Ultra-Wide Band (UWB) technology is best remembered for a damaging battle, over a decade ago, between two factions aiming to establish it as a standard for wireless personal area networks (WPANs). Then, groups led by Freescale and Intel respectively failed to compromise and ended up condemning UWB to the back burner in the consumer wireless space. But the core technology has still been under development for more specialized and industrial applications, as well as remaining at the heart of one of the 802.15.4 family of IEEE standards for WPAN (15.4a).
Firms like Ireland’s Decawave have used UWB for ultra-precise positioning and tracking, for applications like search and rescue, and now a new consortium has been launched targeting similar sectors. The FiRa (Fine Ranging) Consortium is targeting services that require extremely accurate location awareness, and aims to support interoperability across a whole ecosystem of chips, devices and service infrastructure, including in the services layer which is not touched by IEEE work.
The group has four founding sponsors – NXP, Samsung, Bosch and the ASSA ABLOY Group; and Sony Imaging Products is one of the early recruits, as well as the Telecommunications Technology Association (TTA). These companies aim to develop a standard based on the IEEE’s profiles, but defining mechanisms that are out of scope of the IEEE standard, based on specific use cases.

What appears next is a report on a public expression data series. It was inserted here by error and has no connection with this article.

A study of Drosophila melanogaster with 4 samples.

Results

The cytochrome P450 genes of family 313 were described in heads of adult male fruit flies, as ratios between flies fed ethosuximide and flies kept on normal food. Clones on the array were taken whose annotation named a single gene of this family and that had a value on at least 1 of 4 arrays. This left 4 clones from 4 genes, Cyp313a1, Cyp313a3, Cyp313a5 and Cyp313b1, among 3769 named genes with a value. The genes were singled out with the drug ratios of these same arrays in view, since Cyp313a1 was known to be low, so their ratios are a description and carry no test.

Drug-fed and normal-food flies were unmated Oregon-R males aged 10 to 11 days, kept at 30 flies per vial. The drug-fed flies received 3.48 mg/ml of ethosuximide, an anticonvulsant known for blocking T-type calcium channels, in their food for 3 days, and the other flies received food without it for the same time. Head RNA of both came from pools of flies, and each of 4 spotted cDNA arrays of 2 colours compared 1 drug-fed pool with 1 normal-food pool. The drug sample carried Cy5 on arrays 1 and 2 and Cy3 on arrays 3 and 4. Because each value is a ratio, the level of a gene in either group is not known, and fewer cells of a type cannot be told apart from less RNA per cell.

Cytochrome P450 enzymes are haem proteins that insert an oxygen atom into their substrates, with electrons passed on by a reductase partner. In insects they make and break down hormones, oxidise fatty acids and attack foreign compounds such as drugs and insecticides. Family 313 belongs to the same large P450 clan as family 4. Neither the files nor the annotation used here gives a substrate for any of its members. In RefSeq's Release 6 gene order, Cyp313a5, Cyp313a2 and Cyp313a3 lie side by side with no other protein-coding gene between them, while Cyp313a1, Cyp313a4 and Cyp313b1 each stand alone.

The members are keen to stress that UWB did not fail last time around because it was a poor technology, but because it was pushed into markets for relatively high data rate WPANs, which brought it up against WiFi and even Bluetooth. This time, they are leaving mass markets for WPAN to better backed technologies like Bluetooth and ZigBee and playing to its strengths.
The new generation of UWB is far closer to the Freescale model in that earlier feud – a design tied to 802.15.4 at the PHY level and to impulse technology – rather than the Intel approach of using OFDM and boosting data rates. The IEEE now specifies its 15.4a standard as based on 2-nanosecond pulses with time of flight and angle of arrival measurements; and there is a security extension being specified (802.15.4z). This makes it a sensing, not a communications, technology, with greater accuracy than Bluetooth and higher security.
Applications envisaged include the addition of spatial context capability to access control, location-based services, and device-to-device services. It also has greater robustness for challenging environments.
“As an industry consortium, we believe UWB technology can transform the way people experience connectivity, and we’re committed to the widespread adoption of interoperable UWB technologies,” said Charlie Zhang, chair of the FiRa Consortium and VP of engineering at Samsung Electronics.
Charles Dachs, vice-chair of the Consortium and general manager of secure embedded transactions at NXP, told EETimes the group is also talking to the Car Connectivity Consortium about car access.